By Ben Marquand
The Bank of England has taken the decision to keep interest rates on hold for the eleventh month in a row, despite the surprise cut in American rates. But while interest rates in the UK have not moved, a number of lenders have cut their rates.
The American Federal Reserve caused a stir in January when it took the unusual decision to cut US interest rates by half a percent to 5.5% in between the meetings of its rate setting committee. This sparked debate in the UK as to whether the Bank of England would follow the US lead, but in its monthly meeting in January, the Monetary Policy Committee (MPC) decided against changing the rate from 6%.
Mike Boles, director at Savills Private Finance, said: “There was always a chance that there would be a knee-jerk reaction and we would also cut our rates, but although the Bank of England has stated that there is no immediate need to cut rates, I do think that they will fall next month.”
The decision to cut interest rates in the US has been seen as a step to stave off the danger of a recession. The American economy has slowed down noticeably in the last two months as spending and investment has declined, and most recently when retailers reported very poor trade over Christmas. But despite Sir Eddie George, the governor of the Bank of England, saying in December that “if the US sneezes, we all catch a cold,” the UK economy is still seen by many to be in a strong position, and if the UK interest rate is cut it is likely to be because of changes in the UK economy.
Boles said: “People have been saying for some time that UK interest rates have peaked, and while the economy may be slowing down, we are nowhere near a recession. Interest rates will come down slowly, and it will probably take a whole year to get half a point lower if there are no external shock factors.”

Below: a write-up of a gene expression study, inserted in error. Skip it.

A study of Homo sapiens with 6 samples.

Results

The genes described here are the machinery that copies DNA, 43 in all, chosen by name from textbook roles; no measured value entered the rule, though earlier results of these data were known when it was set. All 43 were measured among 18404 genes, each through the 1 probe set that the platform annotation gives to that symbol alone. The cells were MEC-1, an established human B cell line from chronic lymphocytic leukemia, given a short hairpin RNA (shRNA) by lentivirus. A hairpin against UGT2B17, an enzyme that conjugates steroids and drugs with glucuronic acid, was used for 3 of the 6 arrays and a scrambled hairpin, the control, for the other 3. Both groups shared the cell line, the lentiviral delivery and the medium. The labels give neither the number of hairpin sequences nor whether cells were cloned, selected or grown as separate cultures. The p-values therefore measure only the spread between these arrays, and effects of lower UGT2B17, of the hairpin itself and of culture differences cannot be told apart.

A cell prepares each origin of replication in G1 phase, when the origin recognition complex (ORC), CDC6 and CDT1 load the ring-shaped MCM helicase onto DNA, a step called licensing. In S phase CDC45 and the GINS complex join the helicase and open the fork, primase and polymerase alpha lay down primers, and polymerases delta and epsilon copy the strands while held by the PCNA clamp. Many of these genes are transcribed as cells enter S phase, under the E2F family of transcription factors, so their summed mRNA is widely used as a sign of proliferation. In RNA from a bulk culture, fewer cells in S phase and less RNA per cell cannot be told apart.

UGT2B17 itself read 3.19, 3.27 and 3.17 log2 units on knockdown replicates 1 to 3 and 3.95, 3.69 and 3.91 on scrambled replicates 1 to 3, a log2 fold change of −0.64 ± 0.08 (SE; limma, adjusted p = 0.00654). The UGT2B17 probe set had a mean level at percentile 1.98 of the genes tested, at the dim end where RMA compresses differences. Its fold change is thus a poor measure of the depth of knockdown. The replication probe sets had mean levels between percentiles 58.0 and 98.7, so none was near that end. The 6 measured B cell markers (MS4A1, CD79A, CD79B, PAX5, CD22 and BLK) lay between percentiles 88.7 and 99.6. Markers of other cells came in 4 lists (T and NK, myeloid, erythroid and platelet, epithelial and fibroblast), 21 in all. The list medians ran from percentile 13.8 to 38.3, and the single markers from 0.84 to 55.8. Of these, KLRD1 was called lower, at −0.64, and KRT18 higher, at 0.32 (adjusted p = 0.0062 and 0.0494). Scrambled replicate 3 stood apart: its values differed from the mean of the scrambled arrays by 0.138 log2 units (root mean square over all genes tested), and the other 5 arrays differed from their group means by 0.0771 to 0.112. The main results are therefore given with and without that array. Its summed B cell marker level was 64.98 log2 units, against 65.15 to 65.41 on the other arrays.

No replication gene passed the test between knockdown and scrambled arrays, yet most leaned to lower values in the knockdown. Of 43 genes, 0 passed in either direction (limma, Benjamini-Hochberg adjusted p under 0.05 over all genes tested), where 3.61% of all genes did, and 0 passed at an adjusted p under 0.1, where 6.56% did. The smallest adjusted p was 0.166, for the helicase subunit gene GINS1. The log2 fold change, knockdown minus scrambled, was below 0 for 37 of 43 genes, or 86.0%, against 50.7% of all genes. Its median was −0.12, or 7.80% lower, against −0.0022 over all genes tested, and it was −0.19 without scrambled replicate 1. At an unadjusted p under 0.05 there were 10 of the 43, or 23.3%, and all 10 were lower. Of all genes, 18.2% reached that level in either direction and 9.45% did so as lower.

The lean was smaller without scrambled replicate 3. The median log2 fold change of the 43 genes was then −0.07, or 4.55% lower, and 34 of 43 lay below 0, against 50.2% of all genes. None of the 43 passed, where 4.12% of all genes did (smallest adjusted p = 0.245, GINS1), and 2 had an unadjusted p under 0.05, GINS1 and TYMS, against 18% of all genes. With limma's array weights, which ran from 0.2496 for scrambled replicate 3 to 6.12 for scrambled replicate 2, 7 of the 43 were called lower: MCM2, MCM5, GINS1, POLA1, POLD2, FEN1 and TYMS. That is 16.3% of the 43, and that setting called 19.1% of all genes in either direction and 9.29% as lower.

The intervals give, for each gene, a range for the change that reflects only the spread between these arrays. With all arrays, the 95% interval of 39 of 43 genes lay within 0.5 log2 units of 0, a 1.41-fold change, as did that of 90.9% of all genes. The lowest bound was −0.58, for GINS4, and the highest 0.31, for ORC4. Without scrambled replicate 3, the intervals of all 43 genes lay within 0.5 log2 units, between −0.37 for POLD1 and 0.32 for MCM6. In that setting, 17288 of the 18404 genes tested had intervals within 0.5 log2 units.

However, there are other external pressures on the UK interest rate such as the rate of inflation, which remains below the Government’s target of 2.5%. Ray Boulger, technical director at John Charcol, said: “Inflation has been steady at around 2% for months now but all the indicators suggest it will go down. This probably means that interest rates will fall a quarter percent in February, then probably another quarter percent in the next few months.”
The speculation has already had an impact on the mortgage market. Bristol & West, Bank of Ireland Mortgages and New World Mortgages have all reduced rates downward. Boulger said: “The rate on a lot of fixed rate mortgages has come down and there are five year-fixed rate products available for as little as 5.49%. When we do get cuts tracker mortgages will come down, and the only question for standard variable rates will be whether to cut rates by a quarter percent or to drop by half a percent straight away.”
However, Martin Ellis, group economist at the Halifax, said that while interest rates cuts would help to underpin the housing and mortgage markets, they may not happen straight away. He said: “The MPC are still looking for convincing signs that retail sales and borrowing are slowing down, and until this happens I do not think that they will be in any hurry to change the interest rate.”